Weed In Ohio: Ohioans know It’s Coming, Poll says, And They’re OK About It

Photo Credit: Nicholas Belton

Ohioans know that the Buckeye State is about to launch a medical marijuana program, a new poll shows – and they’re OK with it.

The survey of 500 likely midterm-election voters reveals a major change in attitude toward marijuana in just three years. In 2015, Ohio voters turned down a full legalization initiative by a 2-1 margin.

But a new Enquirer/Suffolk University poll found that 55 percent of respondents support the opening of a medical-marijuana dispensary in their neighborhoods.

Eighty-eight percent of respondents said they are aware that Ohio now has a medical-marijuana program.

The result was especially eye-opening since nearly a dozen jurisdictions just in Greater Cincinnati — including West Chester, Liberty Township, Sharonville, Blue Ash, Colerain Township and Fairfield — have banned all medical marijuana businesses.

Nearly half of the respondents said they were not likely to use medical marijuana to treat their ailments – but 36 percent said they were at least somewhat likely to explore marijuana as medicine.

The poll of 500 likely midterm election voters in Ohio was conducted June 6-11 by mobile cell and landline phones. The margin of error is +/- 4.4 percentage points.

The poll also found Democrat Richard Cordray leading Republican Mike DeWine in the governor’s race and incumbent Democratic Sen. Sherrod Brown handily leading Republican Jim Renacci.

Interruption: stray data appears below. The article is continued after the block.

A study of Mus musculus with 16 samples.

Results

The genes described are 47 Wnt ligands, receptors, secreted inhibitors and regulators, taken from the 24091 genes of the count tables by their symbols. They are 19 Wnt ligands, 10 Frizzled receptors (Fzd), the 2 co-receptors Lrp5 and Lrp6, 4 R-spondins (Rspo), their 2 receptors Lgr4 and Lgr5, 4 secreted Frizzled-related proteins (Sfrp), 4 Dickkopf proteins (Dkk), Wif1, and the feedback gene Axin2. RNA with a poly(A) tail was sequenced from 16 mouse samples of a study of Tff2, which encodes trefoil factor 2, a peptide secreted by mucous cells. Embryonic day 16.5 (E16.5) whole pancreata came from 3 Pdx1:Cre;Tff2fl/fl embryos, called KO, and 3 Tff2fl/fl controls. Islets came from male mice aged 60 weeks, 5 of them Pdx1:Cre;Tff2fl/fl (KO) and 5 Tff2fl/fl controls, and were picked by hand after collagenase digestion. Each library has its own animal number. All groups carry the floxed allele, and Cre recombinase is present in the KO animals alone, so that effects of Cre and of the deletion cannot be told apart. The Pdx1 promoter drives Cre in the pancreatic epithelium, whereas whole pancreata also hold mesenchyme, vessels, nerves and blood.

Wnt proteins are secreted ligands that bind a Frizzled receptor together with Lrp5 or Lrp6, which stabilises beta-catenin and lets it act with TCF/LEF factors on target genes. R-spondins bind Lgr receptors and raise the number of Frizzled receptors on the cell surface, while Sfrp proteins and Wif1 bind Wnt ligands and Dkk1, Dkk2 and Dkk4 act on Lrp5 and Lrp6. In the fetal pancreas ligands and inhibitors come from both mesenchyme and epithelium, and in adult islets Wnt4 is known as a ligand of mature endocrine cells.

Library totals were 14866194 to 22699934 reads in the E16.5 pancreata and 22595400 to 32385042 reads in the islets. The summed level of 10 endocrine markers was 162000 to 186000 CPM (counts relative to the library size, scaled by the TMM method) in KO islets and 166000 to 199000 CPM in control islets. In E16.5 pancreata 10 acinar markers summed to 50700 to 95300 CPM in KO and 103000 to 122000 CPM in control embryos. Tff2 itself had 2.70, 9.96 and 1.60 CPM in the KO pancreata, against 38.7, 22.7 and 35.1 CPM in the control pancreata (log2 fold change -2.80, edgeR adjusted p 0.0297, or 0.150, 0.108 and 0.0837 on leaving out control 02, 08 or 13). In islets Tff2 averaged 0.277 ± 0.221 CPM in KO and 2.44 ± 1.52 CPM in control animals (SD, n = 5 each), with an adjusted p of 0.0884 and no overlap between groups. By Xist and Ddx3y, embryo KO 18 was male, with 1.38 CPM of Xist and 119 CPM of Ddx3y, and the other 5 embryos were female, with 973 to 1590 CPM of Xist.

Marijuana is a relatively new topic on the Ohio political landscape. For nearly 20 years, the Ohio General Assembly resisted any attempt to propose legislation to create a medical marijuana program in the state.

The 2015 measure known as Issue 3 would have established full legalization in the Ohio Constitution.

But on the night that the initiative was defeated, Ohio lawmakers promised to take up proposals for a program.

The legislature eventually created a structure for the state to regulate and tax medical marijuana, and various state agencies now are hammering out details to set up the industry with 25 sanctioned growers, a limited number of processing facilities and at least 56 dispensaries across the state.

The program is set to open Sept. 8, although a raft of delays will prevent dispensaries from opening at that time because there won’t be enough Ohio-grown product to sell.

So far, the only two sites in Hamilton County approved for a dispensary so far are in Hartwell and Columbia Township.